Given the sweeping under the carpet of Leave campaign irregularities by UK authorities in recent days, I feared the worst yesterday, and feared that a ruling in the government’s favour would open the door to the neutering of British parliamentary democracy. So it was an unexpected relief to hear the unanimous conclusion of eleven Supreme Court judges that Johnson’s prorogation was “unlawful, null and of no effect”. Parliamentary democracy lives, and parliament itself returned today to try to head off the looming disaster that Johnson seems determined to bring down upon us.
It’s been galling to hear government figures, “sources” (coughummings) and Twitter apologists suggest that the court’s decision was politically motivated and that they disagree with it, as if former journalists like Michael Gove and Boris Johnson know more about constitutional law than the most senior judges in the country. Johnson, as he keeps reminding us, read Classics at university, and Gove read English, so while they might be able to speculate about what Aeschylus or Shakespeare would have made of their tragic positions, their speculations about the state of UK law are moot: the Court made the law clear, and it’s clear that the government broke it.
Where the politics of the next few days will take us is hard to guess, but one possibility is that some combination of a vote of no confidence, a government of national unity and a combined People’s Vote and General Election might lead us out of the morass. Personally I’d rather we revoked Article 50 outright to give the country the breathing space it sorely needs, even if we had to restart the whole sorry business down the line, but the realpolitik of the situation suggests that another referendum is the only instrument that has a hope of achieving the legitimacy in the minds of Leavers of the first. That doesn’t mean that they’d think that holding one would be legitimate or fair, but a 52%+ Remain result in a second referendum would politically be hard to dispute—in the same way that Remainers like me think that the illegal last-minute overspending by Leave in the first referendum (to say nothing of their covert campaigning) made it illegitimate, but can’t dispute that Leave won it or that it had the political effect of setting us on this current path.
Whatever happens, there can’t be any return to business as pre-2016 usual. If we crash out with no deal, we’ll be putting out fires for a decade; if we leave with a deal we’ll be stuck in trade negotiations for years while dealing with slow economic decline; and if we remain there will be an urgent need for constitutional reform and a serious attempt to address the austerity policies that led us here in the first place. But any post-2019 government that attempts to pander to xenophobes can piss right off.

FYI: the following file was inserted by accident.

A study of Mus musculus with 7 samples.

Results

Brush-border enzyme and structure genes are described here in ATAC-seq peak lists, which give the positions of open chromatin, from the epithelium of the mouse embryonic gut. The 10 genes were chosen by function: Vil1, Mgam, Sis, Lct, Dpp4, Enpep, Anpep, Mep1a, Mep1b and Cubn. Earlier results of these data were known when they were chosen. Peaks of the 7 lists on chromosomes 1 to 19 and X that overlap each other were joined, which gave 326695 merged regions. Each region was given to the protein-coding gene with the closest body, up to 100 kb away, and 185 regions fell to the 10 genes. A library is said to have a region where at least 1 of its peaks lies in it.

Yesterday’s news had the effect of burying one piece of good news from the Labour Party conference, which was that its members voted to commit Labour to pursuing a carbon-neutral Britain by 2030. That’s a huge and radical step, and in the current global climate (literally, not figuratively) an essential one. It’s a policy that could tempt me to overlook Corbyn’s crypto-Brexiter stance and vote for a party that he still leads, although Labour’s issues with anti-Semitism are also a solid strike against it. If we do end up in a General Election sooner rather than later, I don’t know where my vote’s going to go; and at a national level, that’s the problem that could see us ending up with another Tory government propped up by the Brexit Party. Britain could be so different if it had an electoral system that reflected its range of political opinions fairly and proportionally rather than as the distorted caricatures produced by first-past-the-post.
Until then, all we can do is take to the streets. On Saturday I put on my EU flag T-shirt, whipped up a sign (based on the bottom half of this), and headed to St Giles to join the March to Remain. It was a smaller affair than London’s, naturally, and a bit too polite, but it was still important to be there, even if the onlookers were mainly bemused tourists. What it lacked in homemade signs it made up for in massed EU flags, waving around on the lawn outside the Scottish Parliament. The speeches were a mixed bag, and some of the songs fell flat, but there were inspiring contributions from MPs Ian Murray and Joanna Cherry, Lord Kerr (the one who helped write Article 50, not the Supreme Court judge), Professor Tanja Bueltmann and others.
I didn’t get a sign together for the Climate Strike march the day before, but popped out of the office at lunchtime to watch it make its way down the Royal Mile, cheering everyone on and keeping an eye out for my kids. It took about 45 minutes for the crowd to finish passing, a huge turnout for Edinburgh. It had a better class of homemade sign than the pro-EU rally, too. I’ve added a few photos of that march as well to the gallery below.